Morihiro Saito-sensei was well known not only for his awesome skill and strength, but also for his great kindness. He took us foreign students to some very interesting places, including the shrines at Nikko and Kashima and the pottery town of Mashiko, and when we got there he bought us lunch. He even took several of us to visit a master sword maker in Iwama who was designated as a living national treasure.
One winter I packed my family into our minivan and drove them to my wife's family home in Fukushima for a visit of several weeks. The weather was fine on the way there, but as soon as I headed back to Iwama the next morning it started to snow very hard. The route included the steep downhill mountain pass leading into Kasama.
As soon as I entered the pass I saw that it was covered in deep snow, and there were dozens of cars and trucks abandoned on the slope. It would have been easy to go down, but with essentially no traction I would have almost certainly hit one of the vehicles. That was not an option.
By a good stroke of fortune, although I had no traction going down, the little van had traction in reverse. I was able to back up the hill to the main road and make it to a small town called Nanaii that had a train station. I parked the car and got on a train for Iwama.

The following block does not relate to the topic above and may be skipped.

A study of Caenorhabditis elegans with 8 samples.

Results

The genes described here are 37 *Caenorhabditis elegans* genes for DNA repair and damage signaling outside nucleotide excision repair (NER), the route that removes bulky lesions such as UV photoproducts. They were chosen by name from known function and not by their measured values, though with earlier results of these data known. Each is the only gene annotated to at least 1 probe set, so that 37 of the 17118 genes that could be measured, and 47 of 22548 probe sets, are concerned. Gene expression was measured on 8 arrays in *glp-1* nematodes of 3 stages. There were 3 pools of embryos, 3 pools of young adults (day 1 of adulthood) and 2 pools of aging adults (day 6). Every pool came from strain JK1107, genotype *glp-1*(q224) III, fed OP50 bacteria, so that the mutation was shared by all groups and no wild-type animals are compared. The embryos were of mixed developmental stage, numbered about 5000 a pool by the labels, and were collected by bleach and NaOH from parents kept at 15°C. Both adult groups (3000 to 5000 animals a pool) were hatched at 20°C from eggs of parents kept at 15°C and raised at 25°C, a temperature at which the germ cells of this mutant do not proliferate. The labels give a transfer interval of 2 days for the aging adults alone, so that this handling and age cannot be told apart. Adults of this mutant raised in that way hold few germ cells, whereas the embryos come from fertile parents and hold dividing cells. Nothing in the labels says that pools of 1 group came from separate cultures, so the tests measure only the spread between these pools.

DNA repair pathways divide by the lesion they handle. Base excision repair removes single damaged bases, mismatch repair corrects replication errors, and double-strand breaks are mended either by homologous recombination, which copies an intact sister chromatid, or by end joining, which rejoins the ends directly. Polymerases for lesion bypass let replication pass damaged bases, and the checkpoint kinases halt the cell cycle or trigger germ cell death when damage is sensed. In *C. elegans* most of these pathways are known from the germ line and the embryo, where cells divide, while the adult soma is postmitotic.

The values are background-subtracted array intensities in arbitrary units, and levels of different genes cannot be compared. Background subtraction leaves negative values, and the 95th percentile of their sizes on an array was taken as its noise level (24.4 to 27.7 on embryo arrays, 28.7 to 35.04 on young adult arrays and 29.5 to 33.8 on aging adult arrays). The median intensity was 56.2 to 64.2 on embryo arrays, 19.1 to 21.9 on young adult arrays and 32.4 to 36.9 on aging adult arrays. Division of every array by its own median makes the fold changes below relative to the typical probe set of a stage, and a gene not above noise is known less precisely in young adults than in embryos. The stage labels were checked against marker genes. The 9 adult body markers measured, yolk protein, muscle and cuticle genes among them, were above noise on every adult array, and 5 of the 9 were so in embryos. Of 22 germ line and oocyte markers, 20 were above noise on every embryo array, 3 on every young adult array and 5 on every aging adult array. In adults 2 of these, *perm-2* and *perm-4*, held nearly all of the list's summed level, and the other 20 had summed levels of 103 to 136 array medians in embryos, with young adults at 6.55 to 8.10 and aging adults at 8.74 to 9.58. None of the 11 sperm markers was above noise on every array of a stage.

The next morning the sun came out and the snow was all melting. I started walking to Iwama station to catch a train to Nanaii to pick up my car. The route took me past Saito-sensei's house. He happened to be standing outside and asked where I was going. I told him, and he said "wait here".
He pulled up in his car and told me to get in. He drove me all the way to Nanaii, where I retrieved my car and we drove back to Iwama together. Upon arrival he invited me to his house for lunch and liquid refreshment.
How many Sensei would do something like that for a student, especially a gaijin? I always thought of Saito-sensei as not only my mentor and teacher, but also as my friend which he really was. I cannot express in words how much I miss him.